As you age, you might be asking yourself quite a few questions about your health. For example, why are you all of a sudden developing cavities when you haven’t had an issue with them in years? As we age, older adults enter a second round of cavity prone years. One common cause is dry mouth, although that is not a normal part of aging. Dry mouth is, however, a common side-effect of many medications (over 500 of them), including ones designed to help with asthma, high blood pressure, high cholesterol, pain, anxiety, depression, Parkinson’s, and Alzheimer’s diseases. This is why it is crucial that you tell your dentist about any medications you may be taking. Your dentist will be able to make recommendations to solve dry mouth symptoms and prevent cavities from forming. Here are some common recommendations:
- Find an over-the-counter oral moisturizer, like a spray or a mouthwash.
- Talk to your doctor about your medication and the dosage to see if there are any alternatives.
- Drink more water. You can always carry a water bottle with you, and drink from it even when you aren’t thirsty. Your mouth should be constantly lubricated.
- Feel free to use throat lozenges or sugar-free gum to stimulate saliva production.
- Use a humidifier in your home to keep moisture in the air.
- Skip the foods and drinks that will irritate a dry mouth, including coffee, alcohol, soft drinks with carbonation, and acidic fruit juices.
- Ask your dentist about a fluoride gel to protect your teeth from cavities.
As we age, it’s common for people to develop gum disease, also known as periodontal disease. This is caused by the bacteria in plaque which irritates our gums. This causes swelling, redness, and can lead to bleeding. Gum disease is so widespread because it is pretty painless until it is in the advanced stages. If untreated, your gums may pull away from your teeth and form deep spaces where food and plaque may collect. Advanced gum disease will destroy the gums, the ligaments, and the bone all supporting your teeth, which leads to tooth loss. However, with regular visits to the dentist, gum disease can be treated or prevented.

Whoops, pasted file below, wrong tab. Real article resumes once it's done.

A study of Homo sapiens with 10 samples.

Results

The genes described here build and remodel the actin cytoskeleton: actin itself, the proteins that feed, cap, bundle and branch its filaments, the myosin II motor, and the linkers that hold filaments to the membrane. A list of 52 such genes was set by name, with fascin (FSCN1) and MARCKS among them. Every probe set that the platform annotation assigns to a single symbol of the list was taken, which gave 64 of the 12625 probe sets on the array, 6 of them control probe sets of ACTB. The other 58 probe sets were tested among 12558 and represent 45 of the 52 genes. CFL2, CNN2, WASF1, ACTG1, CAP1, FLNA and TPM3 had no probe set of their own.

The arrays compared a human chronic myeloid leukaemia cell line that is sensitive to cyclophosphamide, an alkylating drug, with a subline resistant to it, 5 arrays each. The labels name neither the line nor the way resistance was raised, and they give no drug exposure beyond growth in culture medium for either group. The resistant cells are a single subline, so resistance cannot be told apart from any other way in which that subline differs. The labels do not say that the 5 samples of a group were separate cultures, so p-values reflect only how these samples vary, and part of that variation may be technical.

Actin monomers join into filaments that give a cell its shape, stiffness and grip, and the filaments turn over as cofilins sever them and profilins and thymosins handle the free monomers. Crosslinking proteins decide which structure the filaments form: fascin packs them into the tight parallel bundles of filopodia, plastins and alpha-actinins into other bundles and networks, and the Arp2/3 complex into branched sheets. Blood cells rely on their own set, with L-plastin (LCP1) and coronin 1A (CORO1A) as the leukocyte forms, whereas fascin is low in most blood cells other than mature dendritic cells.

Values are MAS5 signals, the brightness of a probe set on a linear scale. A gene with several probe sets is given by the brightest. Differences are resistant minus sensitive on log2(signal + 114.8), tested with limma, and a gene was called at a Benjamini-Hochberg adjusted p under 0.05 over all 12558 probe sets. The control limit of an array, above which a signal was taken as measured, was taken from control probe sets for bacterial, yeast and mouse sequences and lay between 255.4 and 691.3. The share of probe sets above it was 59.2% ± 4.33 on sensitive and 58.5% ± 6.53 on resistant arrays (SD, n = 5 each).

There are roughly 35,000 cases of mouth, throat, and tongue cancer diagnosed every year, according to the American Cancer Society. To top off that statistic, the average age of people with this diagnosis is 62. During your regular visits to the dentist, your dentist will check for any signs of oral cancer. This is one reason why regular dentist visits are so important! The early stages do not usually cause pain, but early detection could be the difference between life and death. Some symptoms include open sores, white or reddish patching, and changes in the lips, tongue, and lining of the mouth that lasts longer than two weeks or so.
Paying for Dental Care after Retiring
What you might not know is that Medicare does not pay for routine dental care. This means that you will need to plan ahead for all dental expenses before you retire! The good news is, organizations like the AARP offer supplemental dental insurance plans for members. You may also be able to look into a discount dental plan that will leave you with a lower monthly fee than your standard dental insurance package. This works by choosing a dentist who works within the plan network and has chosen to charge 10 to 60 percent less for their services than the typical fee. You then pay for the services with no claim paperwork to fill out. However many dentists will also offer a no interest or low-interest financing plans that may be a good choice for you. If you are worried about your dental care while you are living on a limited income, talk to your dentist! You would be surprised at some of the solutions they may offer.
At Kruckman Family Dentistry, we want to do our best to care for you and your family. Contact us today to learn more about our services! We can help guide you as you navigate dental care in your 60s and beyond. Call now to schedule your appointment. We look forward to speaking with you soon!